The Student News Site of Texas A&M University - College Station

The Battalion

The Student News Site of Texas A&M University - College Station

The Battalion


Photo by Courtesy

Texas A&M Engineering Extension Service’s Texas A&M Task Force 1 had a record number of deployments in 2018.

Search and rescue team Texas A&M Task Force 1 just completed its busiest year to date and is now preparing for a potentially flood-heavy 2019.
From hurricanes to tornadoes to flooding, the Texas A&M Engineering Extension Service’s TX-TF1 had their hands full deploying volunteers across the state and nation a total of 18 times throughout 2018. As one of the Federal Emergency Management Agency’s 28 sanctioned urban search and rescue teams, TX-TF1 helps people facing natural and man-made disasters.
While the team can be deployed by the state or federal government to help people affected by terrorist attacks, explosions, earthquakes and wildfires, most deployments in 2018 were a result of Texas’ extremely wet weather, said TX-TF1 director Jeff Saunders.
“We have responded to events during every month of the year, including tornadoes in December and flooding in April,” Saunders said in a statement. “Eighty percent of our deployments are water-related, and at least a third of our deployments have been outside hurricane season. For this reason, we train year-round, so we can respond at a moment’s notice, regardless of the season.”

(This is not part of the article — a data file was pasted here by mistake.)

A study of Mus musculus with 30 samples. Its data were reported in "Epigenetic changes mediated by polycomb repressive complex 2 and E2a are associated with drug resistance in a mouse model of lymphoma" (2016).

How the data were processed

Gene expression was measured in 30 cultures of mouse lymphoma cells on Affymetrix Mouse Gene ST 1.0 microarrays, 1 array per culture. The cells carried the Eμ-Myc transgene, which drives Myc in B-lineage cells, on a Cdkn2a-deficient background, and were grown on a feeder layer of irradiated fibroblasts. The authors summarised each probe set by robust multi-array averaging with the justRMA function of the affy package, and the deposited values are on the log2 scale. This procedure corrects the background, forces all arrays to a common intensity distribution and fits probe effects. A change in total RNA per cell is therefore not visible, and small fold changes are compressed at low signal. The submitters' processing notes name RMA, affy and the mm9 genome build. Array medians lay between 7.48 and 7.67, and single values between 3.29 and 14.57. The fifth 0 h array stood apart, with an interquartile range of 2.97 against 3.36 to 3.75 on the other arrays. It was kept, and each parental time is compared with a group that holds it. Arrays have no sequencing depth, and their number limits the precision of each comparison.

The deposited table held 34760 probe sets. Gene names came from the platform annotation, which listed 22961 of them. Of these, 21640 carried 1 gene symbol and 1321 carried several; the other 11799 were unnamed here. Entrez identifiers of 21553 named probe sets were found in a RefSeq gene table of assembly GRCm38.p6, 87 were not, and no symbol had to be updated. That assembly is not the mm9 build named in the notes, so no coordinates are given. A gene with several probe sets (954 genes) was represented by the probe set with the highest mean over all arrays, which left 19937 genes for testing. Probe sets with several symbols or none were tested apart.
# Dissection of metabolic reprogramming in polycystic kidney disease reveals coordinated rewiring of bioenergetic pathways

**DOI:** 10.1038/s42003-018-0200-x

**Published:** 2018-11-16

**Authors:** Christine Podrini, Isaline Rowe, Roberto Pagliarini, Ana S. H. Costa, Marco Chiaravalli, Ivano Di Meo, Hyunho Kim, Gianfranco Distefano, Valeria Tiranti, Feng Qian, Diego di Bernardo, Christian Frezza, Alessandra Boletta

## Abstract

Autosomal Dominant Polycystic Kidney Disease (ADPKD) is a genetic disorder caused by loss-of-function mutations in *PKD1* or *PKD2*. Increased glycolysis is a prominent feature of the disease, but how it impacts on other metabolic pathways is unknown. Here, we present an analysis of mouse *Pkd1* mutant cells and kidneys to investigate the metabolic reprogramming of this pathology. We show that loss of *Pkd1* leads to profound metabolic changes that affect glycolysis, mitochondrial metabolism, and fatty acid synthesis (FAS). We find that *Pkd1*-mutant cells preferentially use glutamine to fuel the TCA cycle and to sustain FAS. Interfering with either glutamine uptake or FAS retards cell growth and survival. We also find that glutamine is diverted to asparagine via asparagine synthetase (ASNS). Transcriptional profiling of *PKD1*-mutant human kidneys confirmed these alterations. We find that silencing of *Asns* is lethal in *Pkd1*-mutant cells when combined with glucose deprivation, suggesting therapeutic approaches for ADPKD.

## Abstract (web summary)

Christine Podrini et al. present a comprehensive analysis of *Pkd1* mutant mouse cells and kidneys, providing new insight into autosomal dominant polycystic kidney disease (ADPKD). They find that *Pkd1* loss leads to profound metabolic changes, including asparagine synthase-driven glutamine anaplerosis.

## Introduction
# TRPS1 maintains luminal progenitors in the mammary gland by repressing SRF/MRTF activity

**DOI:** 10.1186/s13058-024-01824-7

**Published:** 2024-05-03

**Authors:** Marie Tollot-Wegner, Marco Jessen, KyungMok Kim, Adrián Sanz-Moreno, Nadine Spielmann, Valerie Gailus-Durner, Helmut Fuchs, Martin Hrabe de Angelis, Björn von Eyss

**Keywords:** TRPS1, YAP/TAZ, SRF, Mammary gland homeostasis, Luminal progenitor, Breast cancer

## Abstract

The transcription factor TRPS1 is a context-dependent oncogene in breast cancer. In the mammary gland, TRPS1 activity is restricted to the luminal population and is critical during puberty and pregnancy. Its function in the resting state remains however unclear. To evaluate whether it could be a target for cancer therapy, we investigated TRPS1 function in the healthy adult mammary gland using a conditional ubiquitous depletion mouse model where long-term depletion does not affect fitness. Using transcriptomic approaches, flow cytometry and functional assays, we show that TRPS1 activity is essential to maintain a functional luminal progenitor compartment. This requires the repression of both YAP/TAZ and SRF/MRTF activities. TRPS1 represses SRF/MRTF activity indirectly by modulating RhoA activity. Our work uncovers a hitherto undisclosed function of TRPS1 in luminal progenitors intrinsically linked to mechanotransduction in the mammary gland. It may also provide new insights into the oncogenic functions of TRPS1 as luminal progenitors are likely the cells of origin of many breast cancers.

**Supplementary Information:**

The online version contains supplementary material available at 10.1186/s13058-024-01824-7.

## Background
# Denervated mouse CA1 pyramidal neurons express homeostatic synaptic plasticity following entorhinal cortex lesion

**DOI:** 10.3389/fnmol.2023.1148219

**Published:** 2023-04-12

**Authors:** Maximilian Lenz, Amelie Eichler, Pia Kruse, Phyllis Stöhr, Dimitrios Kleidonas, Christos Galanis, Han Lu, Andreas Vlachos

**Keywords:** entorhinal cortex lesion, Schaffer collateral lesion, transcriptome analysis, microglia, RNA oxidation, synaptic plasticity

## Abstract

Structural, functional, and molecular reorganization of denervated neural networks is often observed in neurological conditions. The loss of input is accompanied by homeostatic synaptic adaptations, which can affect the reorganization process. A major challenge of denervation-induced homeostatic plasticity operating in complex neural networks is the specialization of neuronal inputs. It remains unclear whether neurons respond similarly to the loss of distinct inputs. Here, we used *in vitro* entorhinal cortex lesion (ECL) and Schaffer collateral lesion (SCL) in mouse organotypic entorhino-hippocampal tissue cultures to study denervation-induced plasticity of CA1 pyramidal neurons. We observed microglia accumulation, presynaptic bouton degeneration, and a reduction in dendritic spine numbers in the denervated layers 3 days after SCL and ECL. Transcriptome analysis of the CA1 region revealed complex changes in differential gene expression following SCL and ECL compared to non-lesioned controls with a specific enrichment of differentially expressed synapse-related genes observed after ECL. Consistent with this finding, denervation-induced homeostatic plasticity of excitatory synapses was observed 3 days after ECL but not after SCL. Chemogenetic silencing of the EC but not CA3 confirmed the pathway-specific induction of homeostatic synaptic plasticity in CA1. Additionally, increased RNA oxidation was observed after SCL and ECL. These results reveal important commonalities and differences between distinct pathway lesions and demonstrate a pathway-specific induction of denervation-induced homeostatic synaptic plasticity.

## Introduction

Training manager and public information officer Stephen Bjune said water rescues are a major component of the job, but everyone is prepared for a wide variety of situations. The task force volunteers are self-sufficient for the first 72 hours of operation and can extend their functionality to 14 days when given outside support.
“We are an urban search and rescue team whose mission is to do the most good for the most people in the least amount of time,” Bjune said. “When disaster strikes, we are the ones who respond.”
The task force is preparing for a busy 2019 since major river systems are close to flooding levels due to the frequent rainfall. Bjune said he expects the high number of water rescues to continue since the El Niño weather pattern will likely bring more warm, wet weather.
TX-TF1 turns 22 this year, and Bjune said the task force’s presence continues to make the state a safer place.
“After the Oklahoma City explosion in 1995 that caused significant damage to the city, people in Texas started to ask, ‘What do we have if that happens here?’” Bjune said. “There isn’t anybody; we’d have to wait for responders from New Mexico or Tennessee, and that’s not a good answer.”
Since its establishment in 1997, the force has grown and been strengthened thanks to its proximity to the first responder training provided by TEEX, Bjune said.
“We are made up of all volunteers, almost 750 from all across the state, all who have day jobs: firefighters, police officers, engineers and medical personnel,” Bjune said. “It’s really incredible when you look at the amount of training in a year: 30,000 hours, and we pay for the cost of the training, but all other expenses — travel, food, board — are on them.”
Bjune said the team has been increasing its efficiency with the same budget since 2004. He said he believes TX-TF1 was properly prepared for the busy year they had in 2018 and is confident in its ability to tackle 2019’s new challenges.
“Because of support from A&M, our excellent members and our training, we have some of the best-trained responders in the nation,” Bjune said. “We stand ready to provide service to our state.”